We turned in early that night but I woke at 2:30am with mild pain in my side. A trip to the bathroom revealed even more blood in my urine. I had the shakes and couldn't sleep and eventually the vomiting started. I figured I definitely had the flu and sent my wife to go sleep with my daughter so she would avoid catching it. At around 6:30 am, after not sleeping a wink and the pain in my side going from mild to bothersome I sent my wife off to race without me figuring I couldn't even manage to watch from the sidelines.
Moments after she left the pain grew sharp and excruciating. It dawned on me that I had no fever and as the pain completely unravelled me I realized something was much more wrong than a flu. I knew I needed a hospital. Once there they were great and did all they could to flatter me by saying that they don't normally get such fit people in the ER. They also knew right away what was wrong. Kidney stones.
"You're a runner?" (yes) "Well we'll do a series of tests but we suspect a kidney stone." Off for a pee sample, CT scan and (thankfully) some great drugs they determined I had 3 stones, one too large to pass. On the pain scale a kidney stone is intense. The only thing I can compare it to is 35km into a marathon and this is much worse. I spent 8 hours doubled over with a flexed abdomen that felt a lot like someone put a butcher knife in there and forgot to take it out.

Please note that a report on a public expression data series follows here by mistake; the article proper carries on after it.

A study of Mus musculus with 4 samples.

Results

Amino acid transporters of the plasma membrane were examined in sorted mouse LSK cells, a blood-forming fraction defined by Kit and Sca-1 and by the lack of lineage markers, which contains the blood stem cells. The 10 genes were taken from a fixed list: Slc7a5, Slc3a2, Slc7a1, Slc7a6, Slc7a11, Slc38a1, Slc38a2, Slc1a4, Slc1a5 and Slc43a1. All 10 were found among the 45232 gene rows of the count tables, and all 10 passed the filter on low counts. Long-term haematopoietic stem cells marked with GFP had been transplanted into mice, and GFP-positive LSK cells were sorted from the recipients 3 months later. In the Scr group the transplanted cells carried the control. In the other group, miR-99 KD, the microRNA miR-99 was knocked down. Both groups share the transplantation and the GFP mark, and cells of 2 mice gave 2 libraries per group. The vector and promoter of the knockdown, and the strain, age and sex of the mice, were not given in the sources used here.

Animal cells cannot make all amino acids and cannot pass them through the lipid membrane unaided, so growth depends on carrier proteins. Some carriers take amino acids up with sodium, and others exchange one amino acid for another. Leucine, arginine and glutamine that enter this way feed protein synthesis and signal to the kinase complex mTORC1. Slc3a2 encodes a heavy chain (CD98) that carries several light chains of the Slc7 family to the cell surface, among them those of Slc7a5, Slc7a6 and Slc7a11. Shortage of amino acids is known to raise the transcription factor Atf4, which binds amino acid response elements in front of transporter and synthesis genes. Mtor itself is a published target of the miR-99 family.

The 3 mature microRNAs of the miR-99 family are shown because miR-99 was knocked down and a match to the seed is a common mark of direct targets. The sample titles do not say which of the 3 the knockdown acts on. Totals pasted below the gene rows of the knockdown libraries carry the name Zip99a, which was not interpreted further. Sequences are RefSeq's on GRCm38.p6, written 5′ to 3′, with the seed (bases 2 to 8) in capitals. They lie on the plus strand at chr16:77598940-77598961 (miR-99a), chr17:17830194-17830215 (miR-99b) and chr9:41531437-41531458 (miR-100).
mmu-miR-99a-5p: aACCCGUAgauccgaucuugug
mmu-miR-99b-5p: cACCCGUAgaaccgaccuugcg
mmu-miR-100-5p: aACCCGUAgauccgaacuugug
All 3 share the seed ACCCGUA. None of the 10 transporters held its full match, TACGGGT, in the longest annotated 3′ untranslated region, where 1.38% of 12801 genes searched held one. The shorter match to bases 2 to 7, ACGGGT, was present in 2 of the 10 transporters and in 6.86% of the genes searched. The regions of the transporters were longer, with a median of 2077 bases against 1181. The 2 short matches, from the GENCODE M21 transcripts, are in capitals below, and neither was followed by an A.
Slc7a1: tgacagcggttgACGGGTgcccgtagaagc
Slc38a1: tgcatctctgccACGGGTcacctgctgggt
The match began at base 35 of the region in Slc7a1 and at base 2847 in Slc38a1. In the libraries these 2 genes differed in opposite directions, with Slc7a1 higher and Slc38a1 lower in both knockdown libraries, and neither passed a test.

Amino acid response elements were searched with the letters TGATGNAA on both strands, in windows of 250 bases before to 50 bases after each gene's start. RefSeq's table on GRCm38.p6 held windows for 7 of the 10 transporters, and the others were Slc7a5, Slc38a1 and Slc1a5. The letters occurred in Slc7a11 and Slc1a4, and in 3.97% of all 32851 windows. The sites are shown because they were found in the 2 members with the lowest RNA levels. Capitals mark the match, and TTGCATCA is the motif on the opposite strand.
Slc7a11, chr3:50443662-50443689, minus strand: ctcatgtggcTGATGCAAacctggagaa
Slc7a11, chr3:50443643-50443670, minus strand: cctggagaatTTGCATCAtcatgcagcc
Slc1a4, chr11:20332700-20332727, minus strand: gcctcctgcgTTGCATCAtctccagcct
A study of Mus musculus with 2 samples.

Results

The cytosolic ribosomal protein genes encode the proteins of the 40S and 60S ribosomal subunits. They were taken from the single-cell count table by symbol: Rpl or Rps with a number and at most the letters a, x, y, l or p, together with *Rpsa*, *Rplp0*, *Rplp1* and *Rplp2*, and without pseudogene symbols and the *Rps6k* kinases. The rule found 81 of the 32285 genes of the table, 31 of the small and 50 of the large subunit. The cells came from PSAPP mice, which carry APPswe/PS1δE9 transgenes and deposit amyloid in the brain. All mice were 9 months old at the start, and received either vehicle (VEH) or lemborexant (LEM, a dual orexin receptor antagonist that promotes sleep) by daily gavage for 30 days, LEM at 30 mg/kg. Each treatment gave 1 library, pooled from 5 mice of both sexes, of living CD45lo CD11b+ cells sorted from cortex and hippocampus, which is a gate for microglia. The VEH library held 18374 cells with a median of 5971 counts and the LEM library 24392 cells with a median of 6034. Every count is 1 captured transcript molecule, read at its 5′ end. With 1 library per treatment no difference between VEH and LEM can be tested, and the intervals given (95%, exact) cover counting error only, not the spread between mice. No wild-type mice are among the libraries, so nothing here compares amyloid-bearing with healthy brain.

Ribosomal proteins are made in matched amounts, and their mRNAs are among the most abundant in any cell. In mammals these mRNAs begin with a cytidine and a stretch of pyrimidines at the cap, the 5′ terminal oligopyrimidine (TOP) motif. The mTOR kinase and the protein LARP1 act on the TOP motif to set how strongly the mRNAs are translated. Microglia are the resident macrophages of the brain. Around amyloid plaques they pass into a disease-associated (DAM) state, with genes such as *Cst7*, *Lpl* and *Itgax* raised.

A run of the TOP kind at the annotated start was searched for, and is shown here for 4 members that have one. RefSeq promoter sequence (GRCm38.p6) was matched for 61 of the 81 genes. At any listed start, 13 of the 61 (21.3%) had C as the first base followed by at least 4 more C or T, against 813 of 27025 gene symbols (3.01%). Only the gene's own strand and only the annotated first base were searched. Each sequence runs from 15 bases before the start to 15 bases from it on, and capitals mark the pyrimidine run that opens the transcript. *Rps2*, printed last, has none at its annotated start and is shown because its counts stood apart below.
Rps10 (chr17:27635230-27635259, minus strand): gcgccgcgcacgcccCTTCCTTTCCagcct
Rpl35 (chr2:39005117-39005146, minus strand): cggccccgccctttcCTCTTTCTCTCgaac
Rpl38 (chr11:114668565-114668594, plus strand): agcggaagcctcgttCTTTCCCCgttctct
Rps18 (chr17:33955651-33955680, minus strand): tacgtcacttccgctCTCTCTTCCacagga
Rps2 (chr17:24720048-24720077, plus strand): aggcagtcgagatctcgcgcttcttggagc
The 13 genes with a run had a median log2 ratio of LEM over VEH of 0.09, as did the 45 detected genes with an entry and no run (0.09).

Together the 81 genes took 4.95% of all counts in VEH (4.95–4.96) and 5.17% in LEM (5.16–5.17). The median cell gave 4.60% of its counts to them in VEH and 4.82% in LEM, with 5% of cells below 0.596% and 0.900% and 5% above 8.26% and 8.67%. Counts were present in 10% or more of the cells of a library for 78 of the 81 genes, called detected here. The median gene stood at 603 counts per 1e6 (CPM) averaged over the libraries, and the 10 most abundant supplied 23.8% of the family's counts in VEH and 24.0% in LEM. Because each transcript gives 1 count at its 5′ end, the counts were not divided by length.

If you'd asked me before this happened I would have said that only old people with poor diets get a kidney stone. As it turns out too much animal protein, vitamin D and calcium supplements all do lead to kidney stones but the number one cause is inadequate hydration especially in athletes. By testing my urine they seemed to know which type of stone I had
and the doctor was able to tell me he suspected I'm not drinking enough.
As a person rather obsessed with nutrition and health I like to think I'm invulnerable. Of course I'm not but I should also admit that the one thing I know I don't do well is drink enough water. Frankly I often forget and go about the course of my day without hydrating. The whole point of this post isn't to talk so much about my experience as to point out that fluid intake might be something we should all concentrate on a bit more. After experiencing kidney stone pain (described as the most severe pain in medicine) I have no interest in revisiting it. Just knowing I have those stones to pass somehow makes me nervous.
For now I'm instructed to not run, follow up with my GP and hopefully the smallest of the stones will pass. Hydrating thoroughly after a run and throughout the day would go a long way toward reducing the risk of stones. Of course on a long run you don't want to over drink as the risk of hyponatremia is a much more immediate concern. We live and learn as athletes and this is a great example of me learning the hard way. I'm sure you'll see me much for frequently with a water bottle in hand.